EJToday: Top Headlines
"The C$16.2 billion ($15.4 billion) Mackenzie pipeline in Canada's Arctic should be allowed to proceed, provided 176 recommendations aimed at securing socioeconomic benefits and minimizing environmental damage are followed, regulators ruled on Wednesday."
"The Harper government is quietly reviewing the $1.9-billion investment by a state-owned Chinese oil company in two oilsands projects, more than a month after the deal was originally supposed to close."
"A coalition of former governors, congressmen, scientists and others sent the Obama Administration their proposed Chesapeake Bay restoration strategy, a plan much tougher than the one being developed by the U.S. Environmental Protection Agency."
"Environmental groups gathered along the Delaware River Wednesday to call on the Delaware River Basin Commission to protect the Delaware from toxic chemical contamination related to natural gas drilling."
"The Obama administration announced Wednesday it might write rules to limit the manufacture, processing and use of C8 and related perfluorinated chemicals, but would not propose any such regulations until at least 2012."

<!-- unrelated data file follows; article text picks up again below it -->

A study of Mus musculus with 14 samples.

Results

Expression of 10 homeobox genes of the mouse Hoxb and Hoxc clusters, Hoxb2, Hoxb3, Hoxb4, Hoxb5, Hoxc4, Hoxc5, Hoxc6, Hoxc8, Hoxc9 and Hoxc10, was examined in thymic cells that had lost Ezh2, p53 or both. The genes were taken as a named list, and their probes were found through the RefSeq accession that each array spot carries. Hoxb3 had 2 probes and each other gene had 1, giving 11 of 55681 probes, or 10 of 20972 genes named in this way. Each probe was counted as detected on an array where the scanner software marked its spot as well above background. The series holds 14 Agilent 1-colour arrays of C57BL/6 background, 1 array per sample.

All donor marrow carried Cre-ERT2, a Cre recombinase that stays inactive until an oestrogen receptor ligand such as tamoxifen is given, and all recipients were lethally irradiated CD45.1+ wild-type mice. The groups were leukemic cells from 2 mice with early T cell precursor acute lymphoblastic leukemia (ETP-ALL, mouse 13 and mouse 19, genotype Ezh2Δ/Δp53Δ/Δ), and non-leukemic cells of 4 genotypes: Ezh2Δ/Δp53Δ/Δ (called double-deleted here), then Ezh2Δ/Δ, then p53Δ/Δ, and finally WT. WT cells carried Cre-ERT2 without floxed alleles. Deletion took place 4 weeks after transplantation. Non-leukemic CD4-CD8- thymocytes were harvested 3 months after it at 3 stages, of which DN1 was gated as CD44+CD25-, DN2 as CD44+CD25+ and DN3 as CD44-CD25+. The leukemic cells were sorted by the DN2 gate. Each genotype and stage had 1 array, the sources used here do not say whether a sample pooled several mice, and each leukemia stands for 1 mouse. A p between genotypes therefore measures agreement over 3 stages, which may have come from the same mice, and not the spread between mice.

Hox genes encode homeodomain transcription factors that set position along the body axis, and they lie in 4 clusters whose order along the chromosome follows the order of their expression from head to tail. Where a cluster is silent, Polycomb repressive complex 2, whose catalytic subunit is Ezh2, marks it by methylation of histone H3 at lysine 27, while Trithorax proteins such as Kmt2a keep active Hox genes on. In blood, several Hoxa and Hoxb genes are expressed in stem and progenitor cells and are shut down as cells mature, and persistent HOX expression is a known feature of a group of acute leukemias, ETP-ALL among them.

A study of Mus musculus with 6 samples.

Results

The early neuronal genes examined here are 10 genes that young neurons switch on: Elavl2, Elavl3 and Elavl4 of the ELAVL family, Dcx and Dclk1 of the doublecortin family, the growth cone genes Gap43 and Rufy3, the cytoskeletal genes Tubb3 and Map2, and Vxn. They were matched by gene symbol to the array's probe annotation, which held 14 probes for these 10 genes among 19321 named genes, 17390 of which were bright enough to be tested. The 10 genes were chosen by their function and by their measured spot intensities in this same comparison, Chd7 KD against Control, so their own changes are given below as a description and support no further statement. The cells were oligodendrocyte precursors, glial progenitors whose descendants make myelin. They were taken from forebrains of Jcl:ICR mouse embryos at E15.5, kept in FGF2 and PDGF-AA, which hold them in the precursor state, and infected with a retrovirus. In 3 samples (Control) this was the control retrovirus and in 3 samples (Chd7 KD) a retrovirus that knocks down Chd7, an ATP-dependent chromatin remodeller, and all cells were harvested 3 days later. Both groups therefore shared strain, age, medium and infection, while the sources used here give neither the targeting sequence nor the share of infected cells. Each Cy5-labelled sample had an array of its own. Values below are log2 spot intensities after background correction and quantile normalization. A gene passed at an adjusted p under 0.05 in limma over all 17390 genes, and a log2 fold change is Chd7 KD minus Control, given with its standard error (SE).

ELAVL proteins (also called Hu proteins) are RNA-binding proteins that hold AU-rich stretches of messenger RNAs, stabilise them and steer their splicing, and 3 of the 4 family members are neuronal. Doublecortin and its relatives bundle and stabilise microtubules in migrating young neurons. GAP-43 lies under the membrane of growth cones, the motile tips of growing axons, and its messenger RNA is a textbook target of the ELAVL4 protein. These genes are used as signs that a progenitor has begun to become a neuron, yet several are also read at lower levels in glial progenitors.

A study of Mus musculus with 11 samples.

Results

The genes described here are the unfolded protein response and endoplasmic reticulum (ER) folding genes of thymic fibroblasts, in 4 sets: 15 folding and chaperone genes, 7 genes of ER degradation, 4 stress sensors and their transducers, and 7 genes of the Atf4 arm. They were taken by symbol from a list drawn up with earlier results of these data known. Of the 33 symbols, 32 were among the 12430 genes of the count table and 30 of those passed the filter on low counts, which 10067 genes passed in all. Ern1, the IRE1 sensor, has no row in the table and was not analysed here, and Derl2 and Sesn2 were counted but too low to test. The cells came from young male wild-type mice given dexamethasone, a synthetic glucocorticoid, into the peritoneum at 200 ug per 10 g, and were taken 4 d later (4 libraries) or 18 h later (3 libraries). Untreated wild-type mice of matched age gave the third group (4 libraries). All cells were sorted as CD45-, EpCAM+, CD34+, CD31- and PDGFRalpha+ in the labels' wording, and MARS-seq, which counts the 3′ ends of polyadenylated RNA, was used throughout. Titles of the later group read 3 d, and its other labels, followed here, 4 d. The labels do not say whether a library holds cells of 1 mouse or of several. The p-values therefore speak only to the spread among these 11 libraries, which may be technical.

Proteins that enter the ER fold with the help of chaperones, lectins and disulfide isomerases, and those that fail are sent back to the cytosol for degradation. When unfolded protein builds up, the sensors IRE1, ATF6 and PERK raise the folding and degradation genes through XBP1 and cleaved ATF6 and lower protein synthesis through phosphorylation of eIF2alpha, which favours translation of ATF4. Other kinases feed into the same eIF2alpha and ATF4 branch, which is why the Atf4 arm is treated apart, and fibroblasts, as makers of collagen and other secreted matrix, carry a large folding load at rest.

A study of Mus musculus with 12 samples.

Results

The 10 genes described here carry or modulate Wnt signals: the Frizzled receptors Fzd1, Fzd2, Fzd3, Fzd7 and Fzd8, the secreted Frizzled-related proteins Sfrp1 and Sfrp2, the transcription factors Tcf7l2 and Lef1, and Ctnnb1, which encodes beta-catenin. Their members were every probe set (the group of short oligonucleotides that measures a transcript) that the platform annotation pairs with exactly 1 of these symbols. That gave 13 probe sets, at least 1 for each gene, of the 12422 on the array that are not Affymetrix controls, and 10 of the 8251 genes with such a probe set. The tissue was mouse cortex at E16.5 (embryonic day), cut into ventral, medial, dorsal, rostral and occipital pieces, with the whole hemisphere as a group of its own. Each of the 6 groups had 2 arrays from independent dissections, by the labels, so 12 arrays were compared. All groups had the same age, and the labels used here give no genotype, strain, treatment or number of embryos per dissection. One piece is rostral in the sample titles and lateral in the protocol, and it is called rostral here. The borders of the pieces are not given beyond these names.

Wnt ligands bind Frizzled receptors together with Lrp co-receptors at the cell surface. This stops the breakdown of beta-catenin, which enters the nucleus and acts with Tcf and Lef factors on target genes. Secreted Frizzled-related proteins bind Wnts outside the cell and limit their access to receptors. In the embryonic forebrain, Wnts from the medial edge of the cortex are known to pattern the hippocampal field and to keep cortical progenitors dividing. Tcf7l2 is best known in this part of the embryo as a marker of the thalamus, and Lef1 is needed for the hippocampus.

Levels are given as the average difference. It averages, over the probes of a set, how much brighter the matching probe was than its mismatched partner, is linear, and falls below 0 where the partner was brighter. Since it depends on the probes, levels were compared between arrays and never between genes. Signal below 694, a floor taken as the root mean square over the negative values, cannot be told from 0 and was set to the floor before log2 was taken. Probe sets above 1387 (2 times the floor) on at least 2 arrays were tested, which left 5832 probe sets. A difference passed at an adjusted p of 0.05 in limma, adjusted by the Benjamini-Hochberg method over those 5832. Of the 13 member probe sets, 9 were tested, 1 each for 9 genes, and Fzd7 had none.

"Anywhere that people can go online they can trace the proposals and plans of countries to combat climate change through an online climate pledge tracker website newly established by the United Nations Environment Programme."
"The federal Environmental Protection Agency told New York State on Wednesday that it had major concerns about how proposed hydraulic drilling for natural gas would affect public health and the environment, and urged it to undertake a broader study of the potential impact."
"The U.S. Food and Drug Administration will miss its third self-imposed deadline on letting consumers know whether it is safe to use products made with bisphenol A, a chemical ingredient in the lining of most food and beverage cans."
"Earth's various ecosystems, with all their plants and animals, will need to shift about a quarter-mile per year on average to keep pace with global climate change, scientists said in a study released on Wednesday."